Reputation Survey: Google trusted despite industry dominance

Google may be embroiled in an EU investigation into alleged anti-competitiveness, however one in four members of the public continues to rate it as the most trusted tech brand.

Positive opinion: Word cloud of public's opinion of Google
Positive opinion: Word cloud of public's opinion of Google

As global tech giant Google remains embroiled in a bruising EU battle over alleged anti-competitive practices, research shows that UK consumers retain trust in the brand.

A joint PRWeek/OnePoll survey demonstrates the strength of Google's customer perception and reputation.

One in four respondents picked Google as the most trusted tech brand, placing it narrowly behind arch rival Apple.

At the time of writing, Google was nearing a deal with EU anti-trust authorities regarding its dominant position in the search engine market. The research illustrated the dominance of Google's search function, with 82 per cent using it above its rivals and 74 per cent using it on at least a daily basis.

The public did show some concern about Google's reach, as 31 per cent agreed the firm had become too big and 47 per cent said they were concerned about the level of personal data to which Google had access.

However, the vast majority (78 per cent) did not express concern about how Google might use that personal data, while only 24 per cent agreed that Google indulged in anti-competitive practices.

In general, younger people had significantly higher trust in the brand, with 50 per cent of 18- to 24-year-olds trusting the brand with regard to data use, compared with 31 per cent of those over 55.

Perhaps of most concern to Google is the fact that Apple is seen as vastly more innovative with more user-friendly products. Some 47 per cent of respondents picked Apple as the most innovative tech firm, compared with just 15 per cent for Google.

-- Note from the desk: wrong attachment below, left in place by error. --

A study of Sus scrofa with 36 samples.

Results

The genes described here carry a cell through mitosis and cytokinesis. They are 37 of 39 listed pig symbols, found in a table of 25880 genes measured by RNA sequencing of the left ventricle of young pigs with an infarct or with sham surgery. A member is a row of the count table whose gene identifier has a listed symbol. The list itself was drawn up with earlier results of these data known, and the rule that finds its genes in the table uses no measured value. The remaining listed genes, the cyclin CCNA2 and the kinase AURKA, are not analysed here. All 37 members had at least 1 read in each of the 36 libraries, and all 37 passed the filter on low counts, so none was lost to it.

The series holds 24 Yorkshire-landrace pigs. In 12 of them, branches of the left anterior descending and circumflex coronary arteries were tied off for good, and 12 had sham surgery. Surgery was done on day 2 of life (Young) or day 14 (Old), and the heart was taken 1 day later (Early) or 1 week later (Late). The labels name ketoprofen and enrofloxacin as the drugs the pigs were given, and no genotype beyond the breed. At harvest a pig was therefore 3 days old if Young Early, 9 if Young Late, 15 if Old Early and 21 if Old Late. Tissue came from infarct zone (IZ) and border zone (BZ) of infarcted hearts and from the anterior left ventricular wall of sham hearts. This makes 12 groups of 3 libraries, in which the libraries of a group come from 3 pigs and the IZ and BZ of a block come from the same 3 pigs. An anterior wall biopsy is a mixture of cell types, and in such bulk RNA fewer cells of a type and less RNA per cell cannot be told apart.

Survey of 2,000 members of the public conducted by global research agency OnePoll


Alexis Dalrymple, head of business and enterprise, Liberty Communications

Google is having a tough time at the moment. Not only is it under investigation, but it seems that it is going to lose its director of privacy, a post that was set up in the wake of its WiFi snooping scandal.

Looking at the survey results, there are two stats that almost seem to contradict each other. More than a quarter of respondents agreed that Google lives up to its 'don't be evil' motto, yet fewer than ten per cent rated it as the most ethical firm.

This is a mismatch that Google needs to address. I suspect that it, along with Apple, is over-reliant on its brand and fan base to carry its reputation and drive its agenda - an agenda that involves selling information about us to advertisers.

As the promise of Big Data becomes a reality, technology companies will need to think carefully about how consumers and regulators will react and ensure they understand what they are giving away and the benefits of doing so.